Changes hit WA rivers hard
New research shows some WA rivers are no longer perennial.
New research from Murdoch University has warned that a loss of stream fauna in Southwestern Australia is seeing perennial streams - also known as permanent - now dry out each year.
“Recent climate change is altering the timing, duration and volume of river and stream flows globally, and in Southwestern Australia, permanent flowing rivers and streams are drying and changing to intermittent flows, meaning they are now dry for several months each year,” says lead researcher and PhD Candidate, Nicole Carey.
“This is anticipated to have profound impacts on the survival of our stream fauna, including many of our ancient and unique species which are now threatened with extinction due to climate change.
“Southwestern Australia is a world-renowned biodiversity hotspot, and many of our stream fauna including dragonflies, caddisflies and mayflies are found nowhere else on earth.”
These species play a pivotal role in maintaining freshwater ecosystems by recycling nutrients as well as providing food to species further up the food chain.
“They have also been here for a very long time, and widespread losses of these species will not only reduce the uniqueness of our fauna but potentially impact the ecosystem processes they moderate,” Ms Carey said.
In a year-long study, Ms Carey alongside supervisor, Dr Belinda Robson, examined the life cycle of 13 formerly most common species in Northern Jarrah forest streams, including mayflies, caddisflies, stoneflies, a dragonfly, and an amphipod.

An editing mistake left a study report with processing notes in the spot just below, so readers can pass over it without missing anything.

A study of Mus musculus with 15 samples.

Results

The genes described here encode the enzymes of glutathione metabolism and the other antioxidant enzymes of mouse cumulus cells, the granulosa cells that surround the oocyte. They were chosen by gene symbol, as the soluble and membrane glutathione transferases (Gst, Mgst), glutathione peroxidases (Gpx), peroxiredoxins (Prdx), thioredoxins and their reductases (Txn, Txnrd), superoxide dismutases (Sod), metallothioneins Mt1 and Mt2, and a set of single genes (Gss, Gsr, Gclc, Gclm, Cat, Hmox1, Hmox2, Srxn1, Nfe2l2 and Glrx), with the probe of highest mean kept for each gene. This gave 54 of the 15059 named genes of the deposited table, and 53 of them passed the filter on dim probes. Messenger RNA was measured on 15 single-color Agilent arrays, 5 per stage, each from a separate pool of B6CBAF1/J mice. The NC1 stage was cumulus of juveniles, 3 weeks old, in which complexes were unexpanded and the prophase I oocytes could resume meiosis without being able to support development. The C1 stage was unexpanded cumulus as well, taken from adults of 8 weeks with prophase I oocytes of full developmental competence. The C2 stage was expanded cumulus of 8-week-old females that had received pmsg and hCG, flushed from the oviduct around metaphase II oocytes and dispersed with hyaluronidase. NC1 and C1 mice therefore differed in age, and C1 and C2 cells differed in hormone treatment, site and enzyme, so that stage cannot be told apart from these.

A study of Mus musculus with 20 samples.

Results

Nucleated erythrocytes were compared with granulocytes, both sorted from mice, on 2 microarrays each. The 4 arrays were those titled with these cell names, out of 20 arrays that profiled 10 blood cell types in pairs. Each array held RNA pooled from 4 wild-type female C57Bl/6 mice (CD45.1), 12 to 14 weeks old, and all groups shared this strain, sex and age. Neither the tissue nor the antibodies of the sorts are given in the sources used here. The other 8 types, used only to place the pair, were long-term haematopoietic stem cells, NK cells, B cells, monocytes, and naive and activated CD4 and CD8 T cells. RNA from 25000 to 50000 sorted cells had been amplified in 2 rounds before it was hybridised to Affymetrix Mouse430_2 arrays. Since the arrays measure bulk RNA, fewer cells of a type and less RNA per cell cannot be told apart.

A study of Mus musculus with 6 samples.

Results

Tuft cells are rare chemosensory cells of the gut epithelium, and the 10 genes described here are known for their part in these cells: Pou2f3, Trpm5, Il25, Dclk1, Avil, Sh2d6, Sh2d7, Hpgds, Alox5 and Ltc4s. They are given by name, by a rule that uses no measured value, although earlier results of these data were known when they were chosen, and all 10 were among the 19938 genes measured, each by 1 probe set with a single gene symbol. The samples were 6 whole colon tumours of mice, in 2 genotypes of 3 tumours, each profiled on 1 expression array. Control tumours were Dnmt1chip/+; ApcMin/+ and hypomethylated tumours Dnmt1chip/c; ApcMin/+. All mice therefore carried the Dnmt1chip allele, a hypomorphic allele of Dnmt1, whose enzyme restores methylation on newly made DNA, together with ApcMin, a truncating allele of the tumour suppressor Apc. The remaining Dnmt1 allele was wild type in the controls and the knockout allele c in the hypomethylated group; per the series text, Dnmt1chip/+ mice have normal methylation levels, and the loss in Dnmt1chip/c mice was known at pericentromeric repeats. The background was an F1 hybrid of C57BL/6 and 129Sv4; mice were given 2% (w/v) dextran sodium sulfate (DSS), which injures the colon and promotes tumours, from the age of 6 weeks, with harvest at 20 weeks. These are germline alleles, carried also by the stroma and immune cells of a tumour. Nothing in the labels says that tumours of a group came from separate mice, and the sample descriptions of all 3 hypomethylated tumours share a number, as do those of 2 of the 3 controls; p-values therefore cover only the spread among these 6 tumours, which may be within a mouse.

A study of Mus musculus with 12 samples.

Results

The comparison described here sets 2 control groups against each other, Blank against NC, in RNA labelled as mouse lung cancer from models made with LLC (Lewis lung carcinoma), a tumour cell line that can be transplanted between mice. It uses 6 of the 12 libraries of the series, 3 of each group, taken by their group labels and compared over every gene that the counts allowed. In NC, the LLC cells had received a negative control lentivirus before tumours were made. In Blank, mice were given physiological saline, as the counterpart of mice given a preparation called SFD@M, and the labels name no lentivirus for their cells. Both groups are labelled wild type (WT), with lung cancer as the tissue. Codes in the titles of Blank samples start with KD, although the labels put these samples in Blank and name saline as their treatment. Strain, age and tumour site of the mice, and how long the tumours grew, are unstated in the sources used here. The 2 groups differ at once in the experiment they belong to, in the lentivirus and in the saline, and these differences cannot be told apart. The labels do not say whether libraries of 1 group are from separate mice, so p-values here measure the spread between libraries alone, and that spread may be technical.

“We compared the life cycles to a study conducted in the early 1980s, well prior to the onset of seasonal drying, and used this historic life history data to predict whether each species would adapt to the new flow regime,” Ms Carey said.
The study found four species – one stonefly, two mayflies, and an amphipod – adapted to the new flow regime but showed different responses to those predicted.
The researchers explain that most species are now restricted to permanent streams, having become locally extinct because of drying, even when historical data of their life cycle had predicted their survival.
“Life history traits such as life cycle timing, number of generations per year, and ability to use desiccation resistant eggs, are commonly used to predict survival under climate change. However, there have been few opportunities to directly examine species responses to real climate impacts until now,” Ms Carey said.
“We found that life history flexibility was the most important determinant of successful adaptation, not previous life history traits.”
She reiterated that their research has shown there is an urgent need to better understand species life history flexibility when making predictions about their survival under climate change.
“This is essential, because predictions based on species traits may underestimate extinction risk if species are not flexible,” she said.
“We need to understand how species respond if we’re to help inform future policy and conservation management practices.”